Chemotherapy-induced peripheral neuropathy in long-term survivors of childhood cancer

Recently childhood and adolescent cancer survival rates have improved for many reasons like early detection, access to treatment, multidisciplinary approaches and diagnostic methods such as genetic tests, etc. Long-term childhood cancer survivors are at risk of adverse effects related to cancer treatments that affect the quality of life of these children.

A new study published today May 14, 2018, in the medical journal Jama Neurology by Richard J. Cohn et al, from Sydney Children’s Hospital reported the outcomes of long-term survivors who were treated with chemotherapy before the age of 17 years old. 

Results where that chemotherapy-induced peripheral neuropathy (when chemotherapy damages the nerves of the body) is a potentially long-lasting adverse effect of chemotherapy agents that can be toxic to peripheral nerves, principally when Cisplatin is used. The symptoms include sensory axonal neuropathy (damage to the sensory nerves) abnormal manual dexterity, changes in distal (arms and legs) sensation, and problems with balance.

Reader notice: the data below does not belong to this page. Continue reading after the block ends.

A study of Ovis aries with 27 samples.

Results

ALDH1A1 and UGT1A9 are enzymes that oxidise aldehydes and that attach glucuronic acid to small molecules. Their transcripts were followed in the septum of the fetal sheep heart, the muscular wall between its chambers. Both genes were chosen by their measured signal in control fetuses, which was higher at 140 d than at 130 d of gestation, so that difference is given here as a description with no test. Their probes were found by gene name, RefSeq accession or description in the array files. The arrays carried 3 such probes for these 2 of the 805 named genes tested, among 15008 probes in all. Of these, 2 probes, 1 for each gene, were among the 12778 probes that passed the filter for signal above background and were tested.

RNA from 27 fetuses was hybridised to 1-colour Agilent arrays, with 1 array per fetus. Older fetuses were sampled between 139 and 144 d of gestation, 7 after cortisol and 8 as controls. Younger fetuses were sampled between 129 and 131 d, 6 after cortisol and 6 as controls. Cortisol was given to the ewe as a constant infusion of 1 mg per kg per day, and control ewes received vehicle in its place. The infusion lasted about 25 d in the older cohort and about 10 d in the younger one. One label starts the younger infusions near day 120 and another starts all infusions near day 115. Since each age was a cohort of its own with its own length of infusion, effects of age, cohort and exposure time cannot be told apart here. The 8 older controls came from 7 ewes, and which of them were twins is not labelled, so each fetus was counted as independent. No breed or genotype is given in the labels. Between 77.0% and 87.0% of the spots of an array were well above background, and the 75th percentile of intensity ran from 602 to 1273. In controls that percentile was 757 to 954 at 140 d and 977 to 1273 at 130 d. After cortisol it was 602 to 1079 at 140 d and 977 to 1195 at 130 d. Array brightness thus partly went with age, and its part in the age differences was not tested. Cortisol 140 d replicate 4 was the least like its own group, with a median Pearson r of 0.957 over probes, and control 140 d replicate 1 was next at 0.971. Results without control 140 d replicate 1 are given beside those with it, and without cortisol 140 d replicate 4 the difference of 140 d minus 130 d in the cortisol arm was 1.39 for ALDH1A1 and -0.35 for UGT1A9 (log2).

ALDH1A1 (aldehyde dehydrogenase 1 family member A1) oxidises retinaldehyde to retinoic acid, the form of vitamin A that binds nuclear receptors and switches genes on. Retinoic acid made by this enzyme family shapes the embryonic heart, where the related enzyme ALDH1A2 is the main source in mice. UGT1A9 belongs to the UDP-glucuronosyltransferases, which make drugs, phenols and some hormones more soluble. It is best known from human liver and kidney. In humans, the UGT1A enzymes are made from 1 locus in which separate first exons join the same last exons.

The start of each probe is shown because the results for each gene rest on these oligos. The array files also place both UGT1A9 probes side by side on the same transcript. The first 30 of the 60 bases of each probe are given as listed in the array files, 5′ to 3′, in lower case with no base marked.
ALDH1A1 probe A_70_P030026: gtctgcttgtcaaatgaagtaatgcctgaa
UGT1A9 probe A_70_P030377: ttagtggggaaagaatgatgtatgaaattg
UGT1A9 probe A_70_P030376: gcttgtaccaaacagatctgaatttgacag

Peripheral neuropathy is common in childhood cancer survivors, pediatric assessment tools can help to support research to avoid this side effect and to introduce rehabilitation methods to the patients to improve quality of life.

If you suspect that your child has peripheral neuropathy or manifest one of the symptoms previously mentioned, consult your physician as soon as possible, early assessment can increase the quality of life of your loved one.


To read more about the research click here.